Cats & Biotin

Biotin is needed for healthy nails - and claws.

Biotin is needed for healthy nails - and claws.

Biotin is a water-soluble vitamin that is part of the B-complex group. Biotin helps the body convert carbohydrates, fats and proteins into energy. The body does not store biotin – it is made by bacteria in the intestinal tract. Your cat needs sufficient biotin for a healthy coat and claws.

Functions of Biotin

In addition to converting food into energy, biotin also helps the body get rid of by-products from protein. As carnivores, a cat’s diet is high in protein, and they need sufficient biotin to process and excrete it. Also called vitamin H, biotin supports the thyroid and adrenal glands and the reproductive and nervous systems. Biotin also helps the body use other B-complex vitamins and maintains healthy skin, coat and claws.

Biotin Deficiency

In cats, the major sign of biotin deficiency is skin problems. The cat will look scruffy, and lesions will start on the legs and face and spread to the rest of the body. Deficiencies are not common, but are sometimes seen after a long period of antibody treatment. This is because antibodies can deplete the bacteria in the intestine that produce biotin. Too much consumption of raw eggs can also result in biotin deficiency, as a protein found in egg whites prevents the body’s absorption of biotin.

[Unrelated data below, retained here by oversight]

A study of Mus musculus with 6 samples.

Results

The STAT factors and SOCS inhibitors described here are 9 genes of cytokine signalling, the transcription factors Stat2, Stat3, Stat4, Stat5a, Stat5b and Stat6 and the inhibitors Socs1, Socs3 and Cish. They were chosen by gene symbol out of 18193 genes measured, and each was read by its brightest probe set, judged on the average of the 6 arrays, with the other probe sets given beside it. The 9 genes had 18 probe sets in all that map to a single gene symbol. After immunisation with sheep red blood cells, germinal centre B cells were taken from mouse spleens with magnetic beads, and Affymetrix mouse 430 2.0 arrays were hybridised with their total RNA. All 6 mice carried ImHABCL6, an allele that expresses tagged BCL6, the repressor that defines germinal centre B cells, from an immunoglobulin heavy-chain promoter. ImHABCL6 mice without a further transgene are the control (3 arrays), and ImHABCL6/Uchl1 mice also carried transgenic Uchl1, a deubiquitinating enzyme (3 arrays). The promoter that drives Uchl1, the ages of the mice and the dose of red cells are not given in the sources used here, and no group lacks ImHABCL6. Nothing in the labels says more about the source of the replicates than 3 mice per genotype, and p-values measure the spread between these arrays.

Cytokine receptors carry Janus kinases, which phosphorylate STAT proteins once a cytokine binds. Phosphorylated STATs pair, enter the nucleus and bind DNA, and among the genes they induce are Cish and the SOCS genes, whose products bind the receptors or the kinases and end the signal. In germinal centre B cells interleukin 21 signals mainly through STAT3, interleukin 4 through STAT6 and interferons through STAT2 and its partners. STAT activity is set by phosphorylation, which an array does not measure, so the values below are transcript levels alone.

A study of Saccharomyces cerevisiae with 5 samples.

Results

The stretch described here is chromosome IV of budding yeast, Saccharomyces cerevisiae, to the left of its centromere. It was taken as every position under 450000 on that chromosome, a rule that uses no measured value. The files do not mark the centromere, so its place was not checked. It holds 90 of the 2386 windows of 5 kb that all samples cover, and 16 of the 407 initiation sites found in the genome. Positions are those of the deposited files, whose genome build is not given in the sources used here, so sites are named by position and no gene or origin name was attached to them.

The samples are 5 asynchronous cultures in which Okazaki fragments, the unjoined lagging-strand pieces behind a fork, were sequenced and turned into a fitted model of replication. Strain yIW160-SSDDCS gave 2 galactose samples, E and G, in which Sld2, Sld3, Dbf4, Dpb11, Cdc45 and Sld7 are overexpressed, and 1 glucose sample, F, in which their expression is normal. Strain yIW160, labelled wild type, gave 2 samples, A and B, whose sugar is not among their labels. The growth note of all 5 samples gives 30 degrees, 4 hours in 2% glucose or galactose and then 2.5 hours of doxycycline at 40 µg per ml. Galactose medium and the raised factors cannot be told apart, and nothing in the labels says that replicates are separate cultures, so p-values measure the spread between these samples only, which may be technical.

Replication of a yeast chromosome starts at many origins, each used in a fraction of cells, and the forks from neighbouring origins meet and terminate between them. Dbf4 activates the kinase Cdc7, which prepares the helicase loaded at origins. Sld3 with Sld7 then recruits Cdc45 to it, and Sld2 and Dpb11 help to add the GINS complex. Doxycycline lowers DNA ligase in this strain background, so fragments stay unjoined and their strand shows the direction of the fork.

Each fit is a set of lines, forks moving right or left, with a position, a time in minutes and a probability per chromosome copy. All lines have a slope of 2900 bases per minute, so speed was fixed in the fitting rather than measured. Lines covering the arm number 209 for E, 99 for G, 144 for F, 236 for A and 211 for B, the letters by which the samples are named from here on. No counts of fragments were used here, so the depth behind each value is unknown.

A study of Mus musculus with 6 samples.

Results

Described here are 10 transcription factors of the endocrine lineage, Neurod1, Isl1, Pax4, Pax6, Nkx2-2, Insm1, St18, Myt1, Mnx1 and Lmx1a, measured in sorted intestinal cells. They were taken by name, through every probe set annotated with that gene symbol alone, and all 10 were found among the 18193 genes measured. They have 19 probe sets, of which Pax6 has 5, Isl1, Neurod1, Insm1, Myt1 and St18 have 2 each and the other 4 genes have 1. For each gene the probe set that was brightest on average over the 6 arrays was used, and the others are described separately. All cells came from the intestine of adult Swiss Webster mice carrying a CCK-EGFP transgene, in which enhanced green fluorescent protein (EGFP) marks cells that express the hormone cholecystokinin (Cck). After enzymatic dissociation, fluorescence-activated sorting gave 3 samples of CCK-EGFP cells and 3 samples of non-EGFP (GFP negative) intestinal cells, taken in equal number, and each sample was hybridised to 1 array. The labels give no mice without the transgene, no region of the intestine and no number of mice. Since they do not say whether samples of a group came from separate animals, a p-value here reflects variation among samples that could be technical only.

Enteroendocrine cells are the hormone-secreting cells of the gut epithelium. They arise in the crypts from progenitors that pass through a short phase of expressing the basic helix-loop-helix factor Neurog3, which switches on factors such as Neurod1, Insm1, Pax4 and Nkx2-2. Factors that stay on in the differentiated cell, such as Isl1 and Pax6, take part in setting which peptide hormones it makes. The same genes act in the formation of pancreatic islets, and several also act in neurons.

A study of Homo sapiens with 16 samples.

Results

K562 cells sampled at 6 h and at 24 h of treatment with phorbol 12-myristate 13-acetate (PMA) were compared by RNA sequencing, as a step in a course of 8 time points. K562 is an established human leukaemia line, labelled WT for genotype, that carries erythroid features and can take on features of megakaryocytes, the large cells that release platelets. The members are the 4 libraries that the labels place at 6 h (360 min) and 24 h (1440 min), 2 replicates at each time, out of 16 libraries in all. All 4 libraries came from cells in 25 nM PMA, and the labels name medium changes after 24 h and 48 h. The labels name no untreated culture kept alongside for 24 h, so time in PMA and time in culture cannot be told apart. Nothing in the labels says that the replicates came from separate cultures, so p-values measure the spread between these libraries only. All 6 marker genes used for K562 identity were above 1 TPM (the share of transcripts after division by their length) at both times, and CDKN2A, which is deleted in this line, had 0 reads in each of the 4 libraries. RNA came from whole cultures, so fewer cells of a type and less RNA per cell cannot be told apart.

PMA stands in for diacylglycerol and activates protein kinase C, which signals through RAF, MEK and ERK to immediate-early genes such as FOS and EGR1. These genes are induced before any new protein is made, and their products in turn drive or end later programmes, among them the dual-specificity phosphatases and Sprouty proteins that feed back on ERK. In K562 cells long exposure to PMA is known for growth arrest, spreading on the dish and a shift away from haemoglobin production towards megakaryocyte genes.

Supplements

According to the FDA, biotin does not need to be added to your cat’s diet unless the diet contains anti-bacterial or anti-vitamin compounds that have depleted your cat’s biotin. However, biotin is widely available as a pet supplement in various forms, often labeled as a product that improves skin, coat and nails. Biotin is commonly recommended for cats with allergies and itchy skin.

Sources

According to the FDA, a cat food labeled “complete and balanced” contains enough biotin for your cat's needs. Foods that naturally contain biotin include nuts, whole grains, egg yolk, meat, fish and organ meat. If you’re feeding your cat a raw diet, consult your veterinarian about foods your cat should not eat.

 

About the Author

Leslie Darling has been a writer since 2003, writing regularly for "Mississippi Magazine" and "South Mississippi Living," specializing in food and wine, animals and pets, and all things Southern. She is a graduate of the University of New Orleans.